Josh Volinkaty is a resident of Western Montana where he resides with his wife and three kids. He loves the pursuit of elk the most, with mule deer being a close second. Although he cut his teeth hunting the thick and steep slopes of Western Montana, he’s learning to hunt new areas and use different tactics. Josh enjoys the pursuit of elk with rifle, bow, and muzzleloader and loves the challenge of hunting public land. Josh thoroughly enjoys the friendships he’s gained and the places he’s seen from the pursuit of Western big game.
For many of us, hunting is an escape from reality. It’s a cherished time that oftentimes requires a ton of time and preparation. Do you know what else requires time? Life! It seems that in this day and age, time is of the essence, and managing your time appropriately is key to being able to fulfill all your needs. I’d love to say that I shoot my bow every day, but the fact is there are many days I leave well before sunrise and get home as it’s getting dark. I don’t always have time to shoot outside, so coming up with ways to maximize my opportunities has been key in trying to improve my archery game.
Although I see a substantial amount of benefit in 3D type targets, I’ve also gained a great appreciation for portable targets, especially ones that are durable and stop arrows. I have a substantial amount of space and could easily set up a nice archery range. My property also has rattlesnakes, cattle, and high winds. Because time is of the essence, when I actually do get to shoot my bow, I’d rather not fix targets, search for them in the neighboring fields, or dodge rattlesnakes.
For the last several months I’ve been reviewing the Block Infinity 22 Target. The Block is portable, and for that reason, I’m a fan. I enjoy carrying it inside and putting it away when I’m done with it. It’s always where I left it, and I’m not spending time searching for parts and pieces that the wind and cattle have strewn about. I also can’t stress enough how impressed I am with the Blocks stopping power. I’ve set up my portable range in the garage on multiple occasions. With distances as close as 3 yards, I’ve sent multiple 575-grain arrows from my Mathews Atlas into the Block. Not once have I had an arrow over-penetrate. You might expect difficult removal with a target that brags about such incredible stopping power, but that is not the case. I’ve really found that the arrows remove easily. Once the arrows are removed, you don’t wind up with any residue or otherwise undesired debris. I’ve also been very impressed that when you remove the arrows, the Infinity doesn’t fall apart.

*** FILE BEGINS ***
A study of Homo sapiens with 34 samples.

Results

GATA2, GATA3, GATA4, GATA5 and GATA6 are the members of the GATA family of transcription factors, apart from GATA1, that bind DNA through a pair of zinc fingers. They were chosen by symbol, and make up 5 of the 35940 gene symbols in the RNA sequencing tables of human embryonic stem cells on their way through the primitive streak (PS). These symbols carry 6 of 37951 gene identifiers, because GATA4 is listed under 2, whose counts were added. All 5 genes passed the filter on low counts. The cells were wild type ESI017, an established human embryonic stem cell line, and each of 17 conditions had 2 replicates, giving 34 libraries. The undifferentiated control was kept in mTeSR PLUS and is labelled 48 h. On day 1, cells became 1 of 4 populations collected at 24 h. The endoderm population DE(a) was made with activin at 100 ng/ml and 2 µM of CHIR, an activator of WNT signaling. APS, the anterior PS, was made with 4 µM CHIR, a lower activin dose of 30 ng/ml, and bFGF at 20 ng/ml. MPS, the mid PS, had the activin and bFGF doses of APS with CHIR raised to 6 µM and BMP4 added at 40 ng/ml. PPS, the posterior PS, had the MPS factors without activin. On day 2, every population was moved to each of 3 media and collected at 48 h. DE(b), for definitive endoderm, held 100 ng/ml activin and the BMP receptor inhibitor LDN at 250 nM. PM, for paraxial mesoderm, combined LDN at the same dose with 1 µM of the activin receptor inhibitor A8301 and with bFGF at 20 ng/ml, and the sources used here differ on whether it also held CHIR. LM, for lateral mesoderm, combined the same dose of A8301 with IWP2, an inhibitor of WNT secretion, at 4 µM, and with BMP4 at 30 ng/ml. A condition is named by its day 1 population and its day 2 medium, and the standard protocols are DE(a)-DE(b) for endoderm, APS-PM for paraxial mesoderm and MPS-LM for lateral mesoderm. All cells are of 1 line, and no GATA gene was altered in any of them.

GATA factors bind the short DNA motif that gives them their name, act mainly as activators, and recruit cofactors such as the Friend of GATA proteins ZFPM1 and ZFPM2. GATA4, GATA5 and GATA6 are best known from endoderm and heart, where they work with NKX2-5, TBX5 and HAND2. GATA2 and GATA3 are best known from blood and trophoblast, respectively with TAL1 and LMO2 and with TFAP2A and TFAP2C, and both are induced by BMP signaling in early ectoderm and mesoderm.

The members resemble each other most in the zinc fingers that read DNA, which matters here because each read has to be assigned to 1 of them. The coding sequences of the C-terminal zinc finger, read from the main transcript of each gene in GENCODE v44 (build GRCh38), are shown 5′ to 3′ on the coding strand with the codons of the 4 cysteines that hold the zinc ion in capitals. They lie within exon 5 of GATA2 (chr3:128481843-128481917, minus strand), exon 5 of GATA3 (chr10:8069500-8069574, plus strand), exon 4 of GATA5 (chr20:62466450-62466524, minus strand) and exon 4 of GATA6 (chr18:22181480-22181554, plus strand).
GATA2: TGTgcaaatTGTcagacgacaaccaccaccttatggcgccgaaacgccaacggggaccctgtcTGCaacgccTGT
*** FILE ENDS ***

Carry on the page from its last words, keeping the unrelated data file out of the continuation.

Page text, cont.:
The Block Infinity 22 has three sides that are painted with varying size blocks to shoot at. The fourth is a deer’s vitals. The top and bottom are recommended for broadhead use. Like every other target I’ve ever shot at, I tend to have my favorite side. For my personal use, I’m a huge fan of the four-quadrant block that has a total of 16 squares to shoot at. With multiple vertical lines, it’s been paramount in helping me set up the lateral placement on my bow sight. Although I don’t have the best-corrected vision in the world, I can see the vertical line out to 30 yards.
After several shots and a few months to try the Infinity out, I think the pros speak for themselves. Other than not being replaceable, I truly couldn’t find a con. It would take a lot of effort to shoot the life out of this target. I’ve shot it at close range, long-range, on even ground, concrete, and uneven gravel. It’s heavy-duty and sturdy. The Infinity 22 is a great investment to maximize your shooting sessions.
- Easy arrow removal
- Multiple sides and various target options
- Built-in carrying handles
- Incredible stopping power
Hunt DIY is a comprehensive resource for DIY hunting adventures. Zach Bowhay and other HuntDIY contributors share their knowledge and experiences from years of successful — and not-so-successful — hunts through articles with high-quality imagery and videos. Hunt DIY strives to show the average hunter — one with a busy lifestyle and on a modest budget — how to produce above-average results. Follow Zach Bowhay and his hunting friends and family into the backcountry.